A soldier from 175th Infantry Regiment keeps watch in front of Baltimore City Hall on April 28 - Wikipedia
The Baltimore riots are heart-rending and wrong. But it is also wrong to misconstrue First Amendment protest rights as mere venting. Its purpose, as the Bill of Rights makes clear, is to “petition the government for a redress of grievance.” The chronic inability or lack of will among public officials, both elected and appointed, to stem the ever-faster sequence of police abuse against unarmed black men makes many treat violence as their only recourse.
Vietnam-era activist David Dellinger wrote: “There is a heady sense of manhood that comes from advancing from apathy to commitment, from timidity to courage, from passivity to aggressiveness. There is an intoxication that comes from standing up to the police at last” (though this was suicidal during Newark’s 1967 race riot and devastating after the Grand Jury verdict in Ferguson and Freddie Gray’s death in Baltimore). Violence is rightly condemned wherever it occurs.
Dr. King in 1966 called “police behavior in minority communities” the nation’s main racial problem. Yet government’s federal, state and local response is to urge “calm restraint” when protests occur without addressing protest’s root causes: the post 9/11 militarization of urban police forces, the culture clash between rigid, protocol-driven police hierarchies and communities of color seeking compassion, affirmation, and honest conversation toward positive change; and the denial of historical wrongdoing by police forces that have become less the “guardians of democracy” than enforcers of racial double-standards.
Blighted buildings along Baltimore’s West North Avenue illustrate how economic deprivation plants seeds of destruction. The decades-long deportation to China, Bangladesh and India of manufacturing jobs that were avenues of upward mobility for past generations, Reagan-Bush policies that enriched a complacent upper class, President Clinton’s rightward shift against the short-lived “Gingrich Revolt,” and President Obama’s fears that assertive action now will “reward the rioters” keep us in crisis.
“With the riots, we’re not trying to act like animals or thugs,” said Robert Wilson, a Baltimore high school graduate whom the New York Times quoted. “We’re just angry at the surroundings, like this is all that’s given to us, and we’re tired of this, like nobody wants to wake up and see broken-down buildings. They take away the community centers, they take away our fathers, and now we have traffic lights that don’t work. We have houses that are crumbling, falling down.”
President Obama said conditions in Baltimore remind him of what he long ago saw as a community organizer in Chicago. What change not driven by gentrification’s displacement of working people would he see if he once more walked those streets? While he rightly said, “We can make real progress but we’re going to have to do it together, and I can’t do it alone,” shouldn’t he set an example?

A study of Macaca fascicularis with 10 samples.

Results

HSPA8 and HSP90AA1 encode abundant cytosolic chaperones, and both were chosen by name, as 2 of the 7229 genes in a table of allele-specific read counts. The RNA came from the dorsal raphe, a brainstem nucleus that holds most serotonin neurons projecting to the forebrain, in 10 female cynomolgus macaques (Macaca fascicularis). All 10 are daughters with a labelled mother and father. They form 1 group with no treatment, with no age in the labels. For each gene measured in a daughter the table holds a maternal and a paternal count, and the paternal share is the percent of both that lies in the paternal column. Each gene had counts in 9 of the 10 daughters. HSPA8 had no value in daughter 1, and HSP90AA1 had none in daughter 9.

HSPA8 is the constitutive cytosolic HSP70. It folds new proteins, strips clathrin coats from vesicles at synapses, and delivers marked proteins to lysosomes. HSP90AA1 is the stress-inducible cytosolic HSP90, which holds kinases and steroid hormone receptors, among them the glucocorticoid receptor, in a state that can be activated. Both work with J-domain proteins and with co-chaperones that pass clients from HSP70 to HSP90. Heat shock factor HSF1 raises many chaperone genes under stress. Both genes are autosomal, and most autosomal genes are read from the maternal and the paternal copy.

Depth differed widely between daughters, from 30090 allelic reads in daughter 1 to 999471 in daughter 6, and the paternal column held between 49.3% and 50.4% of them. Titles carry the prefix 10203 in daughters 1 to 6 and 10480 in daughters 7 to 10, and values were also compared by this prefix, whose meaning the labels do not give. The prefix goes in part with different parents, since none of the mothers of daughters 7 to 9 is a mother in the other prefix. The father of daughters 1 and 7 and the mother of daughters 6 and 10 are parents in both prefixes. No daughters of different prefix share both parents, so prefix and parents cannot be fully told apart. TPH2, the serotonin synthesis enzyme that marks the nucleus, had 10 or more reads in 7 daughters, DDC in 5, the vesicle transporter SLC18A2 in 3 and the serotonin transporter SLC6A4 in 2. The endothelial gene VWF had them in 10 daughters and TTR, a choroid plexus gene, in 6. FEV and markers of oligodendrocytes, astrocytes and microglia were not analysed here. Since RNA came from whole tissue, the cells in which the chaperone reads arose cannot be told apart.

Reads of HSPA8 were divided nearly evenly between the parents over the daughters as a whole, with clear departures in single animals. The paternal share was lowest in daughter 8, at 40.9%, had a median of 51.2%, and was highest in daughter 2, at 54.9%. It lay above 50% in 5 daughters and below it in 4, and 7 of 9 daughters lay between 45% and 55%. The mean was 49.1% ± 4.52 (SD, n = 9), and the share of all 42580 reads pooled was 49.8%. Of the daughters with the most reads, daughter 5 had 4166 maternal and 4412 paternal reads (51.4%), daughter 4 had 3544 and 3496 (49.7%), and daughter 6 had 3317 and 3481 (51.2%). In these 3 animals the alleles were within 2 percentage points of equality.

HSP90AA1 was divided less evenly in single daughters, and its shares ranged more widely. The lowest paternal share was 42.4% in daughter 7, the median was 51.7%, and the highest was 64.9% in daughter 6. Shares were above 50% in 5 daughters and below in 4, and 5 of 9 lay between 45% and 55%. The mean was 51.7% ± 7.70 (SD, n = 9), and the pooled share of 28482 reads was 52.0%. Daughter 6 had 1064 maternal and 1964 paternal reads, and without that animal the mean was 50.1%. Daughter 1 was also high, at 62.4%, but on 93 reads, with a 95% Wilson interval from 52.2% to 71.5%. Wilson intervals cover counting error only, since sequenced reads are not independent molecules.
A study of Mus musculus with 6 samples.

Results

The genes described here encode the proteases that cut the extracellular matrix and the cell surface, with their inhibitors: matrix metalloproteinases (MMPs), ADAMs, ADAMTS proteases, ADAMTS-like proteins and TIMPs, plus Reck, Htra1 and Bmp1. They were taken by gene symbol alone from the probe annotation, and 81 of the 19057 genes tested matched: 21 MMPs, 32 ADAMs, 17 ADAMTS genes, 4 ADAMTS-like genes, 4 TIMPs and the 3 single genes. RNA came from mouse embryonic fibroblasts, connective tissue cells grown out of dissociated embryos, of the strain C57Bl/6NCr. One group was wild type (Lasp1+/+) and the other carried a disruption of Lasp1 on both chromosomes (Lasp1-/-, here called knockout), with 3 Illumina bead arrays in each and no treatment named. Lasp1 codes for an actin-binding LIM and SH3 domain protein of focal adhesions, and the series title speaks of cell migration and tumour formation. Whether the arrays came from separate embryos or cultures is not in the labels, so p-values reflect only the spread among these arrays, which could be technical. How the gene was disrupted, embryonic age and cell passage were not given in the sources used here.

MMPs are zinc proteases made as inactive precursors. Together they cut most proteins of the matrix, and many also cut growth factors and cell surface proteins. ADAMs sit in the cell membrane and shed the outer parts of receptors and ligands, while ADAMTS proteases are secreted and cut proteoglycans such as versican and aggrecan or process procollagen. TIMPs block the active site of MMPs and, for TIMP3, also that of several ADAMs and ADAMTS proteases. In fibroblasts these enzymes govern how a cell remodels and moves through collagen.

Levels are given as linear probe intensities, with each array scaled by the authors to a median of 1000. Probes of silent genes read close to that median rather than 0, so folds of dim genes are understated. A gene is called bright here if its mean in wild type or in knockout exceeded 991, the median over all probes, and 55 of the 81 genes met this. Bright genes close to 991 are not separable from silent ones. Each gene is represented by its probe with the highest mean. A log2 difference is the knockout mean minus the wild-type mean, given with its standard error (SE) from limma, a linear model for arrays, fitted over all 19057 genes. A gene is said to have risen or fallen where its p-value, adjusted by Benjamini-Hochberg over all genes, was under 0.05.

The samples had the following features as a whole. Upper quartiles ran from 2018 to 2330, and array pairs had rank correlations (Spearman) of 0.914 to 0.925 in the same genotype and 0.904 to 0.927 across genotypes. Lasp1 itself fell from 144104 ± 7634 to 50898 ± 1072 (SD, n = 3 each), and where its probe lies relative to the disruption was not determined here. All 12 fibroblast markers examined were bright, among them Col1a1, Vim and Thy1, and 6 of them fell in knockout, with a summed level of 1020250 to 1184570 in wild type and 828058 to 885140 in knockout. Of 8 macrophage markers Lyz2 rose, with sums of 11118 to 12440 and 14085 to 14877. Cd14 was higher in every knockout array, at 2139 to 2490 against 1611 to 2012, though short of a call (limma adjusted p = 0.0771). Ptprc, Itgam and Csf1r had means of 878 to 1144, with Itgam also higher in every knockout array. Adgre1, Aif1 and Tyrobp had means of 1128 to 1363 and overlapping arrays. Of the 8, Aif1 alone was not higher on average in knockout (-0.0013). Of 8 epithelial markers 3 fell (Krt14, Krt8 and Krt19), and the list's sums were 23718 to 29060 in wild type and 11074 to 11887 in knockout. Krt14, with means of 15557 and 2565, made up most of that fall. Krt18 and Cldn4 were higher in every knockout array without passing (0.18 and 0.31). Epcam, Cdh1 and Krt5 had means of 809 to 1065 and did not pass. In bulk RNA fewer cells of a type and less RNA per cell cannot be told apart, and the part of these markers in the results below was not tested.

He should visit Baltimore – to see for himself, hear the people, sense despair, instill hope, grasp urgency, express solidarity. His reluctance recalls how “W” stayed aloof and aloft in the air over post-Katrina New Orleans en route from his Texas vacation to Washington.
Prominent people, insulated by security and bureaucracy, divorce themselves from the emotional impacts of actions and inaction. They lose the best parts of their character as they rise higher in stature. A YouTube video showed me three local leaders laughing as they launched a “town hall meeting on police-community relations.” One continually winked at allies and friends in the crowd with whom he made eye contact as if it was just another gig. How can you laugh as you place on the table a set of life-and-death issues? The President must trust his heart, transcend his intellect and head for the “Charm City’s” streets. He asserted in his first Presidential campaign that “we are the ones we’ve been waiting for.” Now we are waiting on him.
Mr. Obama should review his post-November 2008 Transition Team’s study of President Johnson’s “Great Society” program and FDR’s “New Deal” to explore potential legislative measures and Executive Orders for renewing inner city life in Baltimore and other target cities before the next crisis. He should plant his flag, challenge us to support him and spurn Republican obstruction.
He should summon Bill Moyers and other Johnson staff alumni as a sounding board for his initiatives. He could invite Peter Edelman, now a Georgetown University Law Professor but in 1967 an architect of the late Senator Robert Kennedy’s restoration initiative in Brooklyn’s Bedford-Stuyvesant section to illustrate what might now be done if the President can mobilize public and private resources.
He should call on Within Our Lifetime, a national network of race relations organizations including the Richmond-based Hope in the Cities, Everyday Democracyin Hartford, and the William Winter Center for Racial Reconciliationat the University of Mississippi, to professionally facilitate the intergroup discussions vital for bringing insights and policy or program proposals out of the ashes in Baltimore – to heal that city and create urban models. President Clinton’s “One America Race Initiative” named these as among the nation’s most effective change agents and they are available but as yet untapped at such times. The City of Richmond’s unique “Community Wealth-Building” project came directly from Hope in the Cities’success there.
What Mr. Obama called “our slow-moving crisis” will grow faster and not go away.
“The ultimate measure of a man is not where he stands in times of comfort and convenience but what he does at moments of controversy and challenge,” in Dr. King’s words. Can the President meet that standard? That’s what leaders do.